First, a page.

Obviously, I’m still among the living. If there’s a silver lining to where I was at, it did finally force me to consider being on medication again. I’ll admit that in many instances I am staunchly against medication as a treatment for mental health issues. It is my strict opinion that anti-depressants and similar meds are over-prescribed and over-used.
However, in spite of this my stance has changed, especially given that I am on medication again. I do now accept that some people who have severe mental health issues realistically should be on medication. The proof of this is that ultimately, even though I did improve after writing on this blog, or seeing my counsellor, it didn’t gain the long-term traction that I needed it to.
I need to be on medication.
End of story.
Boiling things down, I’m on medication because I’m not capable enough to be able to cope with the pressures that the outside world places on me, and the pressures that I also place upon myself.
The irony is that in spite of kicking virtually everyone out of my life is that the pressures are still there. The reason for this is that I’m so accustomed to outside pressures that if they aren’t there then I pick up the slack. Even though I kicked everyone out of my life, I am still putting myself under undue pressure, even though I do not benefit in any way what-so-ever by doing so.
Being back on meds aside, I have improved in the past few months. And while it has been a difficult road up to this point, and I still have a difficult road ahead, at least the meds do some of the heavy lifting, which is what I do need.
For the most part, I no longer have friends. Which is not only how I want it to be, but more importantly, how I need it to be. People whom I used to consider to be friends, while they might have genuinely cared about me, were in the way of my mental health actually improving long-term.
It is for that reason, that I walked away.
To reinforce this point, the proof is in how much worse I got after I did so. Some would argue that it is because I isolated myself. It would be a valid argument if I was like virtually everyone else. But, for those of you who have been tuning in that haven’t worked it out yet….
Never have been.
Never will be.
Being brutally honest, those friendships were nothing more than a crutch, not only for myself, but also for the people I was friends with at the time. The simple and irrefutable facts about this whole situation was that my mental health was never going to improve while I was first and foremost helping others with what was on their mind at the time, at the expense of myself. Secondly, when my friends did try to help me, it was usually for their own selfish reasons, after all I can be really useful when I’m not climbing the walls because I’m trapped in my own skull. And finally, when I needed to do what needed to be done, they would try and stop me; or undermine me with more trivial things that made me happy at the time.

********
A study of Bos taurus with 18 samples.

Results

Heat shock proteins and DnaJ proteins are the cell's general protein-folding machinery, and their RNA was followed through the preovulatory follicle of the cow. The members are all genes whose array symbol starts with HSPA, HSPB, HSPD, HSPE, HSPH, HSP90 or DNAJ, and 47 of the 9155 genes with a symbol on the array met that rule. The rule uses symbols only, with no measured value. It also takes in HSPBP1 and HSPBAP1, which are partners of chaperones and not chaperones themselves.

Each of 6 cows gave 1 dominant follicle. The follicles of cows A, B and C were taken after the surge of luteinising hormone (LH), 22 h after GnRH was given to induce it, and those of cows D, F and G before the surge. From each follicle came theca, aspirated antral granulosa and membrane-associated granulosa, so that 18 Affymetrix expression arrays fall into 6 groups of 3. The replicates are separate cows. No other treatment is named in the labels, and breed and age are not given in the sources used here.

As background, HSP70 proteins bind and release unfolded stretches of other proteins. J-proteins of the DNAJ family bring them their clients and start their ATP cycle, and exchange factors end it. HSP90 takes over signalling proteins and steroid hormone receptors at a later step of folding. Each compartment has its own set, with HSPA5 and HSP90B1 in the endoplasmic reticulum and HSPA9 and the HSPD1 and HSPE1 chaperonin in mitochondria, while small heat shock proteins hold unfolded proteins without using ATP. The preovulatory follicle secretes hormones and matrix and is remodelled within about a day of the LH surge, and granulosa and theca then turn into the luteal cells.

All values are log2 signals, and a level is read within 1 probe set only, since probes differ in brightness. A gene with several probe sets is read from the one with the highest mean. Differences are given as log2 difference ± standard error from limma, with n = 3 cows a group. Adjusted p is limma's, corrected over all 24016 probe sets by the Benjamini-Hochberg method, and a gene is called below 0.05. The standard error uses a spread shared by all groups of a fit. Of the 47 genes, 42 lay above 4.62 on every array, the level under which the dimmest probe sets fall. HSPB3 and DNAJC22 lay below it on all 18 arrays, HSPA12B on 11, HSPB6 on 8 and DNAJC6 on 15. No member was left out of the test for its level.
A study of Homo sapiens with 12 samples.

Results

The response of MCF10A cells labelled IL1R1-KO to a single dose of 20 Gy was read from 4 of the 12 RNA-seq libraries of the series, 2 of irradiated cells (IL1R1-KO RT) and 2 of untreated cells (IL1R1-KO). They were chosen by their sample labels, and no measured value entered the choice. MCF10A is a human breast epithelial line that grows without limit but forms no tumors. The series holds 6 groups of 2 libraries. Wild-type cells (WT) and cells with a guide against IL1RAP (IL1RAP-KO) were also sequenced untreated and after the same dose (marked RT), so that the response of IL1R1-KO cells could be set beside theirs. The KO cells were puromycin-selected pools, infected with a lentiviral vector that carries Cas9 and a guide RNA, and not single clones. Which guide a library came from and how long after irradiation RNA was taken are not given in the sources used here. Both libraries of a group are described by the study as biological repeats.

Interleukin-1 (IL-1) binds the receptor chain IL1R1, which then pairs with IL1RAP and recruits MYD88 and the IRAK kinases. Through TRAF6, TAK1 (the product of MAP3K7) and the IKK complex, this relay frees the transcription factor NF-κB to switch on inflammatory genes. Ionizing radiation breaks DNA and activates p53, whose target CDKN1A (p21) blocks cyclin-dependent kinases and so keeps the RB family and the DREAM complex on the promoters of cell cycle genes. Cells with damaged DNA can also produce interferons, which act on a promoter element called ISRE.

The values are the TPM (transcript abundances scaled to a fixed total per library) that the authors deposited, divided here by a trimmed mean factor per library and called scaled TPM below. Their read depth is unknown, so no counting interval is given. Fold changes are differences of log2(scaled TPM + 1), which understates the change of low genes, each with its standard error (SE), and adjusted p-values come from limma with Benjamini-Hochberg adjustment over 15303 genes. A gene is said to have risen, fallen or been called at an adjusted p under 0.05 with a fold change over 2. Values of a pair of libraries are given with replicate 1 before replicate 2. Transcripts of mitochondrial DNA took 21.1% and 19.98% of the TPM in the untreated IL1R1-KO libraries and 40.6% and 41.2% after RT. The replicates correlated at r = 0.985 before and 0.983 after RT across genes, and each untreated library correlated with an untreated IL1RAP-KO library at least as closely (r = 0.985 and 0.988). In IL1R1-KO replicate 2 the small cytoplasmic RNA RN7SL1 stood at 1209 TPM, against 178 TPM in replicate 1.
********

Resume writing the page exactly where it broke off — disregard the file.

Realistically, I am so much better off without all that fucking bullshit in my life anymore. More importantly now that crutch is gone, I finally got to see how bad my mental health actually was. The frustrating thing about it all is that for the most part; ignoring the fact that I’m my own worst enemy; I haven’t had to deal with the traumas of sexual or physical abuse. I haven’t had to flee a war-torn country with no clue as to whether or not I can over go back home. I haven’t had to endure any of the appalling things that too many people have been subjected to over the years.
That hasn’t happened to me.
My story is about being undermined.
My story is a story about erosion.
That is why I’m at where I’m at.
What a lot of people do not understand is that my experiences have been cumulative. That is where the damage was done, and more importantly that is what I am trying to repair.
I admire people who can rise above what they have been through, and be better because of it. In many ways I’m jealous of people who have done that.
I haven’t even picked myself up out of the dirt yet. In fact, in many ways I didn’t even know that I was figuratively lying face-down in the dirt, slowly bleeding out on an emotional level. I guess that’s where the meds come in – they’ve helped me at least sit up and take stock of where things are at. What happens next remains to be seen.
Hopefully if I can take stock on where things are at, and reflect on that so I can move in a direction that I actually want to go – I think it is incredibly important that I phrase it that way.
Moving forward has nothing to do with social norms or expectations, and it never will. It is actually about moving in the direction you want to go in, in spite of norms and expectations.
That is what moving forward is.
Ask yourself this – would you do something, or be involved in an activity if you didn’t benefit from it? You wouldn’t, would you?
You would only do so under duress, wouldn’t you.
My point exactly.
Don’t get me wrong, there are times that you need to be practical about it, I’m not that naive to pretend that isn’t the case. There are times where your choices are limited or virtually non-existent, but there are also times when I would like to think that your choices are limitless, and it is on those occasions it is vital that you exercise your inalienable right to choose for yourself.
No-one has the right to choose for you, or enforce that on you.
I’ve experienced that first-hand. That is the erosion that I spoke of earlier.
That is the undue pressure I’ve been under for far too long.
With that in mind, I’m going to write a letter to society.